Transfer Balance Cap, July 1 changes, superannuation, retirement income streams

Transfer Balance Cap explained

Will you be affected on 1 July?

On 6 February we reported that Consumer Price Indexation of the $1.7 million super Transfer Balance Cap means it will increase to $1.9 million on 1 July.

That change has now been confirmed and it will make a major difference to retirement incomes for many Australians.

So what is the Transfer Balance Cap? And how likely is this increase to change your income?

Defining the Transfer Balance Cap

A Transfer Balance Cap is the ‘lifetime limit on the total amount of capital that individuals can transfer into the retirement phase to support super income streams.’ This cap was introduced on 1 July 2017 at $1.6 million, and due to CPI indexation, rose to $1.7 million on 1 July 2021. 

Why is it changing again?

As measured by the CPI, increases to the cost of living are used as a factor to index retirement income, including the Age Pension and the amount you can transfer to your income stream account. This indexation is a recognition of the fact that retirees need more income to cover regular household expenditure, be they recipients of government benefits or self-funded. 

Will this change your situation?

This depends upon whether your super is in accumulation or decumulation mode as well as your current Transfer Balance Account Balance. 

If your super is still entirely in accumulation (i.e. you are most likely a pre-retiree), you will benefit from the new cap of $1.9 million, as, from 1 July,  you will be able to transfer an extra $200,000 into a retirement income stream if you have reached Preservation Age. Investment earnings in retirement income streams are not taxed.

If you have already commenced a retirement income stream and have transferred the previous maximum amount (either $1.6 or $1.7 million), you will not benefit from the upcoming increase.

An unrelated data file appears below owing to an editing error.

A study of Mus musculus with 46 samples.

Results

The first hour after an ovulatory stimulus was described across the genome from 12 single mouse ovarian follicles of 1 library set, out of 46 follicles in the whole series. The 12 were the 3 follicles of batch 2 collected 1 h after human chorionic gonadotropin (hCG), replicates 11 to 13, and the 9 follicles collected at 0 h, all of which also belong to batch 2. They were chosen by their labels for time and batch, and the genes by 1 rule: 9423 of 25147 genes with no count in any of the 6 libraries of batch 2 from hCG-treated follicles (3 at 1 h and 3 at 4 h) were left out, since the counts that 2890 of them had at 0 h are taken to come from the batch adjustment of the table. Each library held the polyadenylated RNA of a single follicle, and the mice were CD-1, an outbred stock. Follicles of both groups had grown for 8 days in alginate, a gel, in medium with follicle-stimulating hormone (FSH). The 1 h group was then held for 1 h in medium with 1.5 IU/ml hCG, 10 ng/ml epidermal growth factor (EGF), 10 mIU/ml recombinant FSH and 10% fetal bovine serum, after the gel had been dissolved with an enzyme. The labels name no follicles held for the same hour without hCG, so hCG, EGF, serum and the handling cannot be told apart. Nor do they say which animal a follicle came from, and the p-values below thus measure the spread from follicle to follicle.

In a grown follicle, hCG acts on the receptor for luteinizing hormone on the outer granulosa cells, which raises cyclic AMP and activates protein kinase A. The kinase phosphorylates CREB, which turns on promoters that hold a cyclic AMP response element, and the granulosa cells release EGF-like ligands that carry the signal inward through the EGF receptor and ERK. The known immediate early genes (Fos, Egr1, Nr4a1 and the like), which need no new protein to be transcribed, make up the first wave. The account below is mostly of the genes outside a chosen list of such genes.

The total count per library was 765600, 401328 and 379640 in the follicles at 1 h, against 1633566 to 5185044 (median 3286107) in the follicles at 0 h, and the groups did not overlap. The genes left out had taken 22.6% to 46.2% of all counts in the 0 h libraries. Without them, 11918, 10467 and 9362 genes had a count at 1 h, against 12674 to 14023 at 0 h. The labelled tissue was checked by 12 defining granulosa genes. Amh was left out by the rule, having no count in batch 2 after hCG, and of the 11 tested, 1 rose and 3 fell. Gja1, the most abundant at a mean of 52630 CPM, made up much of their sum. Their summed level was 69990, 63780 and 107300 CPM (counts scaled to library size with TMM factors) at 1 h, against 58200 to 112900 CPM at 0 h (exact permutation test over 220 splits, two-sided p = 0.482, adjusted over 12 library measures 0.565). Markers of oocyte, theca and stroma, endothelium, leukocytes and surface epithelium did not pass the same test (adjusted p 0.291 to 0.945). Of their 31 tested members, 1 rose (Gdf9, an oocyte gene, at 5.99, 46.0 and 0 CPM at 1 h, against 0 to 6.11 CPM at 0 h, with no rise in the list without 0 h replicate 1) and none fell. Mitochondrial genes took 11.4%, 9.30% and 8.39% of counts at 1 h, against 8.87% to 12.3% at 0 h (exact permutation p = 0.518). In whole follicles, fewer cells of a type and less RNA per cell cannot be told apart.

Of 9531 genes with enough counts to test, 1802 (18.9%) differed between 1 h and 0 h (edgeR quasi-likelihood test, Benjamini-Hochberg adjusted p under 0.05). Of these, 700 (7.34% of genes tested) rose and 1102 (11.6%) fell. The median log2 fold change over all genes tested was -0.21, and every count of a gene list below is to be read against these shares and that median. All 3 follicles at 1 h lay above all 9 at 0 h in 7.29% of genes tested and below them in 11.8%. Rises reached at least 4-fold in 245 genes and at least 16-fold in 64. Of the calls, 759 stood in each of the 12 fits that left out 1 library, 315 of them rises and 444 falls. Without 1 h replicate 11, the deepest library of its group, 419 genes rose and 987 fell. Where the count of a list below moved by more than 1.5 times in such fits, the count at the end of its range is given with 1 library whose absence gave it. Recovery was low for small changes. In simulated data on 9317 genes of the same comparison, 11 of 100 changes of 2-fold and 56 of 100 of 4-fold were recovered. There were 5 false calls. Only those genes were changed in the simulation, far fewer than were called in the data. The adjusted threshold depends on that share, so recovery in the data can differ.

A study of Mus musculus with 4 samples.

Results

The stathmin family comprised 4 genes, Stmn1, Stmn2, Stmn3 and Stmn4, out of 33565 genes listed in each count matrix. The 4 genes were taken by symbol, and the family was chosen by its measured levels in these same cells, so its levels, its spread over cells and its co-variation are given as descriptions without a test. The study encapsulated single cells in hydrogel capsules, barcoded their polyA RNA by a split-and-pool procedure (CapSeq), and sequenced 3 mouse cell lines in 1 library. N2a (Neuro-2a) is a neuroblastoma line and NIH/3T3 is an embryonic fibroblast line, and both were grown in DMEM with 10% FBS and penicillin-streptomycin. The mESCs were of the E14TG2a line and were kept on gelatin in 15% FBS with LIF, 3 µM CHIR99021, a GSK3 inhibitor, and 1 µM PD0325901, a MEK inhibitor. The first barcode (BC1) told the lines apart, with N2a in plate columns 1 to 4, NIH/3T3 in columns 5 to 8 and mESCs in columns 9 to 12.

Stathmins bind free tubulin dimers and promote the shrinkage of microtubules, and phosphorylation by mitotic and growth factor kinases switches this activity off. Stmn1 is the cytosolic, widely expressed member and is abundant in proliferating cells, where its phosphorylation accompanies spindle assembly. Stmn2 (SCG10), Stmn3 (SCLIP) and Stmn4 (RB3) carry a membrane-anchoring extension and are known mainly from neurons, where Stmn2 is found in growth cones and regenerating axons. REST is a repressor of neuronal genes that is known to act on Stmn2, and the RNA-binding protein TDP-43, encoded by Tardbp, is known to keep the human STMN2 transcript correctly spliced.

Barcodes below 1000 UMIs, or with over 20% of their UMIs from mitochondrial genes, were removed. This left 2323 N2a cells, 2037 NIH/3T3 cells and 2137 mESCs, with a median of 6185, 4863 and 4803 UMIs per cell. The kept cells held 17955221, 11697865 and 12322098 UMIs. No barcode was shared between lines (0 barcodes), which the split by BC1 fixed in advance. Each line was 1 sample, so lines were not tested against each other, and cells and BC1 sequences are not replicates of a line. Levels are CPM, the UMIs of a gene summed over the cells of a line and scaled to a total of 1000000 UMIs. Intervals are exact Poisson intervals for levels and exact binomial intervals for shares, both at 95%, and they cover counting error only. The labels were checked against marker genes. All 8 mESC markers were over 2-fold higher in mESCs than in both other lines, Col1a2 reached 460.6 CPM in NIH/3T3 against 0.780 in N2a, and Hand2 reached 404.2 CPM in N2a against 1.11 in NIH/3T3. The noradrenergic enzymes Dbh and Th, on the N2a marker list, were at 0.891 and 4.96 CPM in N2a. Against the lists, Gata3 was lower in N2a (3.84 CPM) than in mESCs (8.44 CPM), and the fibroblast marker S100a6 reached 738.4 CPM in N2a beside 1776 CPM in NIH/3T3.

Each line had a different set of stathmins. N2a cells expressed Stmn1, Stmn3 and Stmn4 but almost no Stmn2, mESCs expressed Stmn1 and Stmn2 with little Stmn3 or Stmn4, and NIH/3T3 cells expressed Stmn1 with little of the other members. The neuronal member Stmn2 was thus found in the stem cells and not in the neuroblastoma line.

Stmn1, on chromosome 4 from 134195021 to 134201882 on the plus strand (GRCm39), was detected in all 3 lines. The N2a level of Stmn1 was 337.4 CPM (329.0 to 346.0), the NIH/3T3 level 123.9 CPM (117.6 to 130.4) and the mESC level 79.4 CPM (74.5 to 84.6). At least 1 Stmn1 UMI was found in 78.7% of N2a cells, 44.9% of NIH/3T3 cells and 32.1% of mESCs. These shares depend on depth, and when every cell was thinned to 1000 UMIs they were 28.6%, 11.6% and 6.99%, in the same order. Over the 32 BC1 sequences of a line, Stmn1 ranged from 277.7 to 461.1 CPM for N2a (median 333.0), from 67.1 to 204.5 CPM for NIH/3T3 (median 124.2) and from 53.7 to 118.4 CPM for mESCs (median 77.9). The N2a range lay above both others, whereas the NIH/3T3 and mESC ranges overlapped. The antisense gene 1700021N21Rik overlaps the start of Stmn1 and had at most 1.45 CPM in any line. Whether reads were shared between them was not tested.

If you have already commenced a retirement income stream, but with an amount below the previous cap, you may benefit from a proportionate adjustment. This depends upon a number of factors, including the nature of the retirement income stream and your current Transfer Balance Account balance.

Do you need to act?

A record  of your current balance is available on the ATO section of the MyGov website. 

With reference to the upcoming change, the ATO notes that, while indexation will occur on 1 July 2023, it won’t be displaying member’s personal transfer balance caps until 11 July 2023. When you have confirmed your personal transfer balance cap you will either have used the full amount in your super pension, or you may have room to transfer more.

Maximising your retirement income streams

After saving hard during a lifetime of work, when we enter retirement most of us want our money to work as hard as we have. Ensuring you obey the rules around retirement income streams, in particular, correctly managing the transition to an Account-Based Pension is critical to ensuring sufficient cashflow. If you need more support on how to take the changes to the Transfer Balance Cap into account, then our tailored superannuation advice consultations will enable you to get the answers you need.

What do you think about this change? 

Is it going to change your own situation?

Or is it only for a small group of retirees?